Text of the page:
Klepper begins on Comedy Central May 9, as host Jordan Klepper puts boots on the ground around the U.S. to get behind key issues vexing Americans. He hops a boat with environmental protesters in Louisiana, hangs with undocumented students in Georgia, and wrestles with veterans dealing with PTSD in Texas.
Klepper, former correspondent on The Daily Show and host of The Opposition With Jordan Klepper, spoke of getting “embedded” with the movements and the people pushing them. “We knew we wanted to get out into America and see stories close-up,” he said.
Immersing himself among those pushing for change, Klepper added, “was a nice reminder of what it takes to get something done.”
He climbed in the ring with war veterans who relieve their stress by partaking in wrestling. “They body-slammed me right through a table,” Klepper said. “It looks fake but you’re still getting thrown to the ground, tossed in the air, punched in the chest.”
He also got arrested with undocumented student protestors. “It’s a story I share with people because I want a little street cred,” Klepper noted.
He cited the late Anthony Bourdain, host of Parts Unknown, as an influence for his ability to transport viewers to a remote location and get to know the quirky people there.
Unlike some of his previous work, sarcasm and irony are largely absent from his Klepper reports. “In the end, I’m really proud of this,” Klepper said. “It’s the first time I got to spend this amount of time with folks, and see how hard people are working.”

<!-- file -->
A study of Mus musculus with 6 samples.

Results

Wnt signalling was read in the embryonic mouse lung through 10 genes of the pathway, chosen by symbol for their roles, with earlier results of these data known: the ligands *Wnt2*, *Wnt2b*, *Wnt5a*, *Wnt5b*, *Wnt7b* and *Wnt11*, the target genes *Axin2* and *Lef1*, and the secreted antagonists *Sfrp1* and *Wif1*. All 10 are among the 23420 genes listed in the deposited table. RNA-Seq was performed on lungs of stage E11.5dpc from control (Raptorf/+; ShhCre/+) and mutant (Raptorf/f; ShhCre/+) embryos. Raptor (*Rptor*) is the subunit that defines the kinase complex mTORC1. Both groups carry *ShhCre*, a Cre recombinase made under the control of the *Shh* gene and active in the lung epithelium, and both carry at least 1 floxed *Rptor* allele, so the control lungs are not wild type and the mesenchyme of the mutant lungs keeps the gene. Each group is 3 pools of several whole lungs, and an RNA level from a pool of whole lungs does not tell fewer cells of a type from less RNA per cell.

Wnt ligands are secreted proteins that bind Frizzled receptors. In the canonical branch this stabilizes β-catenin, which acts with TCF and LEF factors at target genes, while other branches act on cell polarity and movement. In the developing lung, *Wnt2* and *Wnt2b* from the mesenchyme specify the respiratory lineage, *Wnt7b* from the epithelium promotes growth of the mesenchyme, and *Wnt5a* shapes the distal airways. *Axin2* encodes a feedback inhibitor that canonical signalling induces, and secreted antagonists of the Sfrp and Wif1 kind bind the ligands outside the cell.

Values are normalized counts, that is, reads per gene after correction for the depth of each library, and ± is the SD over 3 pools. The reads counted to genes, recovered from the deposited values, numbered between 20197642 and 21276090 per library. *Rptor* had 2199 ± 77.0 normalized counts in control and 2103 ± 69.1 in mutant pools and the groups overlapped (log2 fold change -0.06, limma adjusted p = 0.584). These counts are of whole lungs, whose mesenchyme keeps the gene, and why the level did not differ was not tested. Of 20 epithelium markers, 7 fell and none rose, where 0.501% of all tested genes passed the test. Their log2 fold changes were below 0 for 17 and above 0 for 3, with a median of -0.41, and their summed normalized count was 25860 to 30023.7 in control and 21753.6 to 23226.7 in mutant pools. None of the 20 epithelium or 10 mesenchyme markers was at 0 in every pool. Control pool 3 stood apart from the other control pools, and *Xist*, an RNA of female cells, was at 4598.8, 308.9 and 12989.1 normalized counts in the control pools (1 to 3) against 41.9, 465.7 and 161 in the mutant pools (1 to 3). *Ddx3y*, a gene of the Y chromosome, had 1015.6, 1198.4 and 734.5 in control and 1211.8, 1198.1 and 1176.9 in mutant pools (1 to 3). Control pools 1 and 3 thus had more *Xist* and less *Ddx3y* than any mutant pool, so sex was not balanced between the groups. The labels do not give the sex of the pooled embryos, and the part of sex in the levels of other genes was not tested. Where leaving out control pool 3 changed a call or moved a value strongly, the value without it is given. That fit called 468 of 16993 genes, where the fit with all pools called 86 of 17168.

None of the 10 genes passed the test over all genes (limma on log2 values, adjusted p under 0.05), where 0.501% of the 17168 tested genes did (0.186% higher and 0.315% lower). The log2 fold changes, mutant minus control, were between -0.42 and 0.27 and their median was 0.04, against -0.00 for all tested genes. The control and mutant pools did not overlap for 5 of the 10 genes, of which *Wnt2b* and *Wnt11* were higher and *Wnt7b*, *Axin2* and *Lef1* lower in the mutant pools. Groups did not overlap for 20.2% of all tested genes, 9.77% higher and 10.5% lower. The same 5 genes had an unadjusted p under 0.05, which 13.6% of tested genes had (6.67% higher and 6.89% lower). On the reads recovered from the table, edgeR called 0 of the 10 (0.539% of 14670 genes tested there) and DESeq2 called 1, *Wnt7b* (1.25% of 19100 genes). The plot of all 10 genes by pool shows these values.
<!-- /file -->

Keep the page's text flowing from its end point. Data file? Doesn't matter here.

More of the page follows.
Also working hard are the fellows in rap’s timeless Wu- Tang Clan. Showtime debuts four-part docuseries Wu-Tang Clan: Of Mics and Men May 10. Members include RZA, GZA, Ghostface, Method Man and Ol’ Dirty Bastard.
When producer Peter Scalettar heard the project was in the works, he began poking around. “I thought this is monumental — I want to be a part of it,” he said.
An executive producer on the series, he calls Wu-Tang “the greatest rap group of all time” and a hybrid of “storytellers and journalists.”
Of Mics and Men is “a great family story” that will appeal to more than hardcore hip-hop fans, according to Scalettar. Each guy gets humanized in the series. That they remain on good terms is notable.
“The family atmosphere is remarkable,” Scalettar said. “They still have this camaraderie. These guys have figured out how to make it work.”
Wu-Tang has a few new songs for the series. They continue to tour, in the U.K. this week. “The brotherhood outweighs the headaches,” Scalettar said. “After that many years together, you just can’t break the bonds.”